CNET logo Why You Can Trust CNET

Our expert, award-winning staff selects the products we cover and rigorously researches and tests our top picks. If you buy through our links, we may get a commission. Reviews ethics statement

New Dragonfly Hyperscooter Is a Rare 4-Wheel Electric Scooter

Why ride on two wheels, when you can use four?

Joseph Kaminski Senior Associate Technology Editor / Reviews
During my almost twenty years at CNET, I handled benchmark testing/methodologies for both Mac and PC systems and, sometime after, integrated testing for micro-mobility (e-bikes, electric scooters and EUCs), which is a passion of mine. Transitioning from a BMX background to this field was seamless. Despite testing numerous products, each new one brings the same excitement as my first.
Joseph Kaminski
2 min read

This unusual-looking ridable looks like a beefed-up skateboard with a steering column, but it's really a four-wheel electric scooter called the Dragonfly Hyperscooter. Despite the extra axle, it weighs less than 40 pounds, and can hit a top speed of 25 mph. 

At least based on the specs and images I've seen, this is one electric scooter I'm very eager to test drive. It's currently available as a preorder from UK-based Dragonfly, with an expected ship date in December. 

Watch this: Dragonfly DFX Elevates the Scooter Game With 4 Wheels

The Dragonfly Hyperscooter is powered by a removable key lock 48-volt battery and dual 550-watt motors with a peak output of 1,650 watts. With three riding modes, D1 (beginner, 10 mph), D2 (intermediate, 15 mph) and D3 (Pro, 25 mph), it has four-wheel steering along with a dual adjustable wishbone suspension for stiffness. You can choose between urban or all-terrain 10-inch pneumatic rubber tires upon purchase. The all-terrain ones are textured for off-road use, but wouldn't feel as smooth on city streets.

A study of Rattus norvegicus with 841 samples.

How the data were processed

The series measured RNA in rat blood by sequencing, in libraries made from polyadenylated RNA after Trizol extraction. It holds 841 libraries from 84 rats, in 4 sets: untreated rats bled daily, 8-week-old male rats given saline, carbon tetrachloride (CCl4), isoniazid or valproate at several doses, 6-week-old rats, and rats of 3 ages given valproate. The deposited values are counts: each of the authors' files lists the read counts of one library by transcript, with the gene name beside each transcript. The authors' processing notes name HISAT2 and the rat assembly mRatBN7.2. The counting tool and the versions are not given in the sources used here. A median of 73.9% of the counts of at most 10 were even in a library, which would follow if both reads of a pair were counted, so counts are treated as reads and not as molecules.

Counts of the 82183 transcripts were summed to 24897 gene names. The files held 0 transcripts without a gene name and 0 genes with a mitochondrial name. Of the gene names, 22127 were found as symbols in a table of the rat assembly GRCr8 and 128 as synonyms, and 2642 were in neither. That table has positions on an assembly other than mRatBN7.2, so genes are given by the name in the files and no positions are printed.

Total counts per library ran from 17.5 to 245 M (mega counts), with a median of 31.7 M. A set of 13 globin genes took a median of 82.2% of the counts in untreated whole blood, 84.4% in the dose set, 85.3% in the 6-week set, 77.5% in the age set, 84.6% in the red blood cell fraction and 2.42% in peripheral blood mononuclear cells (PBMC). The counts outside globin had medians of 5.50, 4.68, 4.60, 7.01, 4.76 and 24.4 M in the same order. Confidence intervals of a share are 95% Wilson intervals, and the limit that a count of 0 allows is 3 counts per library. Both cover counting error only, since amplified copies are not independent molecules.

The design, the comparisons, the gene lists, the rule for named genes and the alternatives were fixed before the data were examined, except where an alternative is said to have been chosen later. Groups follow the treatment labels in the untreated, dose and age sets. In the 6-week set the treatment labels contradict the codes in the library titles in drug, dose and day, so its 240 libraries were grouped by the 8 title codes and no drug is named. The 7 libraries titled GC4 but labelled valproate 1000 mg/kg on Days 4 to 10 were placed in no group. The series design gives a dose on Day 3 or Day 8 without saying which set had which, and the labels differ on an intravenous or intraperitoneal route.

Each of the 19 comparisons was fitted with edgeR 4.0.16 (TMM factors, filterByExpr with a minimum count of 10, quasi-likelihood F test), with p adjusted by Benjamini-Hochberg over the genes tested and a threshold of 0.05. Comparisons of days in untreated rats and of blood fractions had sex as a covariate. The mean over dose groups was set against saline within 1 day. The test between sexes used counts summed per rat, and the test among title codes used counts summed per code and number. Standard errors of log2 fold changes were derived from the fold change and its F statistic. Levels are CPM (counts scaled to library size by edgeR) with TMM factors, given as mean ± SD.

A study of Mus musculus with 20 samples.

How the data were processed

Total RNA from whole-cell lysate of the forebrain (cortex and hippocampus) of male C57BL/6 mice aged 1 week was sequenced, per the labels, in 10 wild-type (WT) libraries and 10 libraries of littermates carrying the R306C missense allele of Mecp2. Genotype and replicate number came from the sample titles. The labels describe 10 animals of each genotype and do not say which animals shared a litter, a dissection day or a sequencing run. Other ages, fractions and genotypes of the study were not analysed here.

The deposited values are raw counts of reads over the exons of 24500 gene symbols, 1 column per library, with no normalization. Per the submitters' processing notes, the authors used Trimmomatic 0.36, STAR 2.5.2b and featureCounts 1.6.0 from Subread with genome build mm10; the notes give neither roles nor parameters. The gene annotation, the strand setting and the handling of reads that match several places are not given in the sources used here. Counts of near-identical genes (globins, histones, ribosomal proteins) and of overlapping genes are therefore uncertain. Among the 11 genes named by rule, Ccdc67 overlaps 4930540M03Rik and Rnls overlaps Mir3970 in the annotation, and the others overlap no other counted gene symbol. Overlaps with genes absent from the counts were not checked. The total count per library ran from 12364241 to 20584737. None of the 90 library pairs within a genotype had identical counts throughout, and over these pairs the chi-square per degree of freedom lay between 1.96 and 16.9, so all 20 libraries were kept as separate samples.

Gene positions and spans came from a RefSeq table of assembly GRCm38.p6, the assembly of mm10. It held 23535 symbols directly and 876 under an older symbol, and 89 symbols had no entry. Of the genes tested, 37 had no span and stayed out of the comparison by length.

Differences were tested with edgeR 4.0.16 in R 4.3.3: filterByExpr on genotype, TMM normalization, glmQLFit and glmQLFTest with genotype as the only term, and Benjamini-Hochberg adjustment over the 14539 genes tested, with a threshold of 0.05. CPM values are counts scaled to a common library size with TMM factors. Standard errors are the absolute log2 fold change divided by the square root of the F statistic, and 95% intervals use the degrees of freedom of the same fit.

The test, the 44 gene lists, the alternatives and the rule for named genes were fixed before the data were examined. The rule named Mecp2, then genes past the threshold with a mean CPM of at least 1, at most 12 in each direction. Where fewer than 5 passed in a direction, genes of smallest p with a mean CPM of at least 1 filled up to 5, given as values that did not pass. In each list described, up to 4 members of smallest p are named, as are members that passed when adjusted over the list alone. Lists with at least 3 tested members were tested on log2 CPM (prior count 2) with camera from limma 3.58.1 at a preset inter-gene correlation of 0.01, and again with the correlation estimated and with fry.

Aside from the tire choice, the Dragonfly comes in two body versions. The DF (£2,500, or about $2,720 or AU$4,175 converted) is narrower, and good for urban streets and parks. The DFX (£3,000, or roughly $3,265 or AU$5,000) is for off-road riding, with wider fenders and handguards. Both scooters have electric front brakes, a mechanical rear drum brake and a carbon-fiber deck. 

Read more: Best Electric Scooter for 2022 

The Hyperscooter is rated to travel approximately 50 miles on a full charge, but that may vary depending on conditions like rider size and terrain. Charge time is listed at three hours. Take this with a grain of salt, as manufacturer quotes are typically not what we see in the real world. 

Both versions come with a 3.5-inch digital display that shows current speed, trip range, ride mode, light status and battery. It can also provide spoken navigation, a horn and ride sounds with the accessory sound pod. The scooter can be connected to smartphones via an app, and has twin headlights, front and rear LED pulsing turn signals and a brake light. 


Both scooters have built-in security, and a four-digit passcode to enable and disable the system. There's also a built-in GPS and an audible alarm; if something happens, the scooter can be located via the tracker. 

According to Dragonfly, these preorders should ship in December, but they're coming from the UK, so shipping, which is not yet listed, may be exorbitant for riders in the US and elsewhere in the world.